I'll start of by saying that "the Perhapanauts" is a brainchild of writer Todd DeZago and artist Craig Rousseau. I've known DeZago from "Tellos", a fantasy comic he did with late Mike Wieringo, while Rousseau is an artist with a long list of titles he's worked on.
Their collaboration is noted on the covers by their first names only, and I must admit that it was seeing "Todd & Craig's" listed above the comic's title, coupled with the cute character designs, that drew me to check Perhapanauts out in the first place.
Now, the title's actually one of the things I have problems with. I know that it sounds like a strange thing to say, but consider that I'm not a native English speaker. Anyway, the word "Perhapanauts" strikes me as hard to pronounce, and I actually had trouble learning to spell it correctly.
Presumably, the creators wanted the name to carry part of the comic's odd charm, but I'm not sure that this was the way to go, especially if merchandising is taken into account.
Speaking of media crossover appeal, I find that "the Perhapanauts" has the same animted movie-like sensibility that I found in DeZago's "Tellos". The concept of an SF team consisting of several distinctive races working together also reminds me of RPG, and could even be adapted as such.
As for the elevator pitch, that of the monster hunters being monsters themselves, at first glance it seems like a fresh idea, compared to the mainstream sf/horror movies. On the other hand, it's been tried in comics already, and to the mixed results. Both DC's Creature Commandos and later on Marvel's Howling Commandos tried to make the same premise work, but have failed to catch on with the readers. Dark Horse's own B.P.R.D. arguably achieved the most success with the idea, but it must be taken into accound that its cult status largely stems from the Hellboy connection.
Now, what are "the Perhapanauts"'s chances of succeeding where the others failed? Well, it spotlights "B.E.D.L.A.M.", a supernatural investigation agency that is much more light hearted than the average group of mad scientists working for a corrupt government. The agency employs a strike team of particular operatives, designated by the marker "Blue", whose character designs look pleasant and familiar in all the right ways.
All in all, the book is perfectly set up for a nice mix of horror and SF adventures, injected with a healthy dose of humor. It's not the most original concept around, but it's soundly set up, and with a proper execution could still prove enticing enough to attract readers.
The characters themselves are a well-thought out mix that works. They look interesting, and each possesses very specific character traits, that help further distinguish among them.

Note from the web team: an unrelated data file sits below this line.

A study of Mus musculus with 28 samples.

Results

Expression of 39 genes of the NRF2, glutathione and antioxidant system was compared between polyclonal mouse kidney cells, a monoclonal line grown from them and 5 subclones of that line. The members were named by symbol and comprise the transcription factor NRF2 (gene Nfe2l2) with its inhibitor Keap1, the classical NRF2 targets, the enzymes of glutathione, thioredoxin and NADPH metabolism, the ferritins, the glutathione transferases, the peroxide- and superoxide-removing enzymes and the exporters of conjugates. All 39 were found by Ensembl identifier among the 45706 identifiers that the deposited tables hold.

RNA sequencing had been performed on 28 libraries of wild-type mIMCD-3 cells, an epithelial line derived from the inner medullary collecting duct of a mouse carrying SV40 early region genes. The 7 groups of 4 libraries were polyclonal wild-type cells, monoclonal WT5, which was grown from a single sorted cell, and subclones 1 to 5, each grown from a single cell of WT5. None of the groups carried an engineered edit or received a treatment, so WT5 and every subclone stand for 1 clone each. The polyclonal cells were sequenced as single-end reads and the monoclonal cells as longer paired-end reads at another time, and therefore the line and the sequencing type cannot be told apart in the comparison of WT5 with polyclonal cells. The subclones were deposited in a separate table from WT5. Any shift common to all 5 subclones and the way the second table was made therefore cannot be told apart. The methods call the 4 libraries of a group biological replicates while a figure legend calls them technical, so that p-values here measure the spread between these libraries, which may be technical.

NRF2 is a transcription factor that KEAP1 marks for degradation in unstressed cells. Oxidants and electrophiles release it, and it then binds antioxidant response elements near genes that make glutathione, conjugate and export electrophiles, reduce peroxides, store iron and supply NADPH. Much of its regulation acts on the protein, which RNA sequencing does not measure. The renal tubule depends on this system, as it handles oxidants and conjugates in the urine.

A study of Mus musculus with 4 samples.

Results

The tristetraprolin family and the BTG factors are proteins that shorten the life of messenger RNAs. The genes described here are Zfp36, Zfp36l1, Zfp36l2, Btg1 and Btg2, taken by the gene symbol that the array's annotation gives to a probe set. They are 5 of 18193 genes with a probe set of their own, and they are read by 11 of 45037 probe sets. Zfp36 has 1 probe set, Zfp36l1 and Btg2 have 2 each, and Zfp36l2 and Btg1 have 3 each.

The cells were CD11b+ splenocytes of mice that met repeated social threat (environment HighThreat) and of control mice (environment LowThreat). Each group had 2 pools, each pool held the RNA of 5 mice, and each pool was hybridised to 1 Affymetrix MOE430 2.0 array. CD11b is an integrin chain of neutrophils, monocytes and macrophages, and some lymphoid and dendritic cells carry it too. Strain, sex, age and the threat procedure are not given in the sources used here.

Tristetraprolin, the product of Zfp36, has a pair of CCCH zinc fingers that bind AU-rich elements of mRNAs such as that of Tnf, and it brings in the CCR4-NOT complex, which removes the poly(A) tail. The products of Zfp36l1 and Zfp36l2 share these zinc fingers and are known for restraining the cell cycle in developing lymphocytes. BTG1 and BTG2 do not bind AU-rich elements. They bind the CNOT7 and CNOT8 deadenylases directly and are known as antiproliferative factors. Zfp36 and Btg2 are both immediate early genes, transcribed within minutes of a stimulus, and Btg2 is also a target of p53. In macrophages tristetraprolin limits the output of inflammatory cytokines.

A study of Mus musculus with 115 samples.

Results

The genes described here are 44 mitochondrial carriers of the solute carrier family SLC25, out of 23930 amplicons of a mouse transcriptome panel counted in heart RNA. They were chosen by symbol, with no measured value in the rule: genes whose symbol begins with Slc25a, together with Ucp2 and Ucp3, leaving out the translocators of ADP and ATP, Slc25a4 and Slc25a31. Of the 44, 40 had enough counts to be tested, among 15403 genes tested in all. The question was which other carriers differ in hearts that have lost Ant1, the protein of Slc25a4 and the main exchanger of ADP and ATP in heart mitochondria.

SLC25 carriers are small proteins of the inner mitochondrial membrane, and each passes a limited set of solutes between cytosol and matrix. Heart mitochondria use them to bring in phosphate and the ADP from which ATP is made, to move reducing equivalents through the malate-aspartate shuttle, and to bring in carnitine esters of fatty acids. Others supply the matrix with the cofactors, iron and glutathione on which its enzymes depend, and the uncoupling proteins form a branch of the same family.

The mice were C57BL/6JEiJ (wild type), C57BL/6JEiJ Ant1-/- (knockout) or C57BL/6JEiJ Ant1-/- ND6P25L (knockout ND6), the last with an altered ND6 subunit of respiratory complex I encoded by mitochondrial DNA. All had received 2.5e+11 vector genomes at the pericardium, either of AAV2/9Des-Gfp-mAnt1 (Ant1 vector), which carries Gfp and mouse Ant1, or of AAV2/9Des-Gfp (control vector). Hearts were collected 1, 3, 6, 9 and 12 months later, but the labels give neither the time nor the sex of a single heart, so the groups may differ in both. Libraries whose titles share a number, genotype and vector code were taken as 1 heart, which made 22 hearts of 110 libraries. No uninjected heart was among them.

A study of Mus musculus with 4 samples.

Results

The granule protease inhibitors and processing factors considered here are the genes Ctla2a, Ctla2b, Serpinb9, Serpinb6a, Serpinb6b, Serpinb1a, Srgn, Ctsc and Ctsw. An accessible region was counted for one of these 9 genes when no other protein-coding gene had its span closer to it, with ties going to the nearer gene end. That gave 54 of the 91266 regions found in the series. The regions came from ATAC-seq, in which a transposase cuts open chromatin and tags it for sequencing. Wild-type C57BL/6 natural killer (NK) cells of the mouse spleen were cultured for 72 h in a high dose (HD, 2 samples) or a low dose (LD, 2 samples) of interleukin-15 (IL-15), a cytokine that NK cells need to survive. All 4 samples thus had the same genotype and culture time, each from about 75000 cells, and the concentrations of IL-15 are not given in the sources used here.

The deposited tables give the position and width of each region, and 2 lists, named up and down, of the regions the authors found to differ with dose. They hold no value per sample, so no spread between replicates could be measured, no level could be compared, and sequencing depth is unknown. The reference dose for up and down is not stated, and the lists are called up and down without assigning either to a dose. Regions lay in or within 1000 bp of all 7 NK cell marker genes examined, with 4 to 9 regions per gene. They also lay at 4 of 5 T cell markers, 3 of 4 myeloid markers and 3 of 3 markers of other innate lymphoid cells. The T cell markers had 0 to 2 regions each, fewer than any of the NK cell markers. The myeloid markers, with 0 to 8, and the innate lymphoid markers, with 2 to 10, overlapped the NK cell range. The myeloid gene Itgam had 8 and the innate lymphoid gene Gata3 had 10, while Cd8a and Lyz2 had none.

It hels that the mysterious aMG and psychic Arina, the two human characters, are wisely the foucs of the first mini-series. Molly the insecure ghost and two evolved monsters, scientist Big(foot) and a kid Chupacabra take supporting roles the first time around. That was more than enough to propel Choopie, an obvious creator favorite, to get in and steal the show.
The cast is set up in such a natural way that the reader accepts without thinking that there the team numbers two females (one a minority at that) , which would seem forced in almost any other comic.
In fact, the creative team manage to find a way to even give us a peak on the rest of B.E.D.L.A.M.'s facility. Thus, we the readers are also provided with a look at the characters who will become more important later on, setting them up right from the start as the Blue team's collegues and superiors.
"the Perhapanauts" open with an excellent first issue, featuring an action-packed encounter that serves to introduce the cast in the best possible way. The character's mission is framed around a sequence that is not only informative, but also manages to end the episode on a great cliffhanger.
By the second issue, the creative team shows us that they don't plan on letting up, and the previously established threat only grows in proportion and importance. Even after the monster's seemingly dealt with, in the third issue, the villian continues to indirectly shake up the team.
All the while, important character subplots pop up in the background, urging the reader to invest in perhapanauts' next adventure, however random it may turn out to be.
However, the creators decide not to end the first mini on an idea story point, which puzzlingly happens in the middle of the third issue. Instead they choose to use the rest of the pages to rush the new story's prologue.
On the surface, the fourth and final issue of the mini is expected to work as a one-shot adventure, but the overabundance of subplots that are carried over serves to steer the reader towards the bigger picture. Thus, my attention was drawn from the fight with a generic villain to the cliffhanger that serves as a prologue to the next mini, building directly upon the events of the previous issues.
And that brings me towards the first mini's major flaw - it's simply not meant to be read on its own. Otherwise, "First blood" is a fine example of the storytelling ideally suited for an ongoing title.
My final word is that "the Perhapanauts" is a much better developed comic then if appears to be at first glance. It has many strengths, and is definitely a fresh and much-needed addition to the American comic-book market.
Let's just hope that it lasts long enough to tell all the stories the creators can't wait to get around to.
This blog serves as an archive of my comic book reviews, with the focus on independent publishers. The analyses rarely cover single issues, instead concentrating on complete story lines, mini-series, and graphic novels.